A Russian news video claiming to show Serbian volunteers training to fight alongside Russian troops in Ukraine has prompted outrage in Serbia, exposing its complex relationship with Moscow.
Russia’s Wagner mercenary group made the Serbian-language videos to encourage recruitment for the war.
Serbia’s president, Aleksandar Vucic, reacted angrily on national TV.
“Why do you, from Wagner, call anyone from Serbia when you know that it is against our rules?” he said.
Critics frequently accuse Serbia of prioritising its long-standing friendship with Russia over its ambition to join the EU. But what has emerged in recent days in Belgrade shows that the picture is not so black and white.
Hinting at less-than-rosy relations with Moscow, President Vucic said that not only was Serbia “neutral” regarding the war in Ukraine, but that he had not spoken to Russian President Vladimir Putin for “many months”.
It is illegal for Serbians to take part in conflicts abroad.
The number of Serbian recruits involved does not appear be significant. Some did fight alongside Russian forces in Ukraine in 2014, but not with any sort of official endorsement.
In fact, Serbian courts convicted more than two dozen people for taking part in “fighting on foreign battlefronts”.
On Thursday, a Belgrade-based lawyer and anti-war groups filed criminal complaints against the Russian ambassador as well as the head of Serbia’s state security and information agency (BIA) for allegedly recruiting Serbians for the Wagner group.
In Belgrade, where provocative murals are numbingly common, the Wagner death’s head emblem appeared on a city-centre wall last week. It was signed by the People’s Patrols, an extreme right-wing organisation which has previously staged sparsely attended pro-Russia rallies.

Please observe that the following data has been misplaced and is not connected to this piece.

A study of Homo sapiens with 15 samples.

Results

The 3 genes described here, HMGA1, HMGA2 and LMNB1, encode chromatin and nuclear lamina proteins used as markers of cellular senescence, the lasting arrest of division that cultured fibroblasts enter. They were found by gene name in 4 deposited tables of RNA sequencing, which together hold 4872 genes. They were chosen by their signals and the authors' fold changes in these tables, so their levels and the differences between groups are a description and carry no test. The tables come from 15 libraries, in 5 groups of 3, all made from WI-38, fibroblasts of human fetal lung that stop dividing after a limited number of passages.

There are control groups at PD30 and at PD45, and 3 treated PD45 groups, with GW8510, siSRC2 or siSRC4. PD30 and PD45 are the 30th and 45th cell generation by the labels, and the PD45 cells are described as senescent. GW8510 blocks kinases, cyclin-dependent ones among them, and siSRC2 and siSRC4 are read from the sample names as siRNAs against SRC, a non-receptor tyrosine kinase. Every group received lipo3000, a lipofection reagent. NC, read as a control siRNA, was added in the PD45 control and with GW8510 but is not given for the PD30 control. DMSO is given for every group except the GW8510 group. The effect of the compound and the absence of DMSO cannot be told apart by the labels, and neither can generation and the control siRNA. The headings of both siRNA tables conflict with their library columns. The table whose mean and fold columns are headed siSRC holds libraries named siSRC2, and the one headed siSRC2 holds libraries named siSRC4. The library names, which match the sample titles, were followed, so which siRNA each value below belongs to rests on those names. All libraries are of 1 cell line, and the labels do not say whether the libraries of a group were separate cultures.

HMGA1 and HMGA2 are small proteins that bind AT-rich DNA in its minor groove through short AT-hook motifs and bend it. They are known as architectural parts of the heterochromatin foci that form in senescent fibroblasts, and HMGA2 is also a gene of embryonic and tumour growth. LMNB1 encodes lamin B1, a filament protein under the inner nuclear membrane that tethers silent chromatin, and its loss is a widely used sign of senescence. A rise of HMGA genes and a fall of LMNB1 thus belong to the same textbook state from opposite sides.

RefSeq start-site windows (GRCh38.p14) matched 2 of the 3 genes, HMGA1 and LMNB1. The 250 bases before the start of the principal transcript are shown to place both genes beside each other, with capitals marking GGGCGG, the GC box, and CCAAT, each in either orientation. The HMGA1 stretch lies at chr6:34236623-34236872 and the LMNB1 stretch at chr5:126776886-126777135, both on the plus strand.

None of the mainstream political parties have even hinted at support for the invasion of Ukraine.
Indeed, Serbia has consistently voted in favour of resolutions at the United Nations condemning Russia’s aggression.
President Vucic this week made Belgrade’s position crystal clear: “For us, Crimea is Ukraine, Donbas is Ukraine, and it will remain so.”
The US expressed concerns to the Serbian leader last week about Wagner’s recruitment efforts, and US ambassador Christopher Hill said this week he was glad to hear that President Vucic could see “the threat to peace and stability posed by Wagner potentially operating in Serbia”.
But Mr. Vucic’s stance has not been enough to impress the European Parliament, because Serbia has repeatedly refused to impose sanctions on Russia.
For the second time, MEPs have passed a resolution calling for the suspension of membership negotiations until Serbia agrees to sanctions.
For as long as the EU showed little enthusiasm for expanding the bloc to include the countries of the Western Balkans, it made sense for Serbia to maintain friendly ties with Moscow.
It reminded Brussels that Belgrade had other options. Cheap gas supplies, Gazprom’s majority ownership of Serbia’s oil company NIS and Russia’s refusal to recognise Kosovo’s independence were practical reasons to stay on good terms.
But the invasion of Ukraine has shifted perceptions. Belgrade was not impressed when President Putin referred to Kosovo’s unilateral declaration of independence as justification for recognising the independence of areas of occupied eastern Ukraine.
Meanwhile, Brussels belatedly realised that its reticence towards the Western Balkans was leaving room for Moscow to meddle. Accession talks for Albania and North Macedonia were swiftly unblocked – and Bosnia received candidate status.
So if Serbia’s president has been waiting for a moment to pivot decisively to the West, it might just have arrived.
He has been warning of “very difficult” conversations with EU and US special envoys – and says he will address Serbians over the weekend to tell them “what is required and expected from Serbia regarding Kosovo and sanctions against Russia”.
Mr Vucic has made similar remarks before – without ever committing to a major policy change. But this week he once again reiterated that Serbia’s trajectory was towards the West.
“I know that EU is our path,” he told Bloomberg News. “There are no other paths.”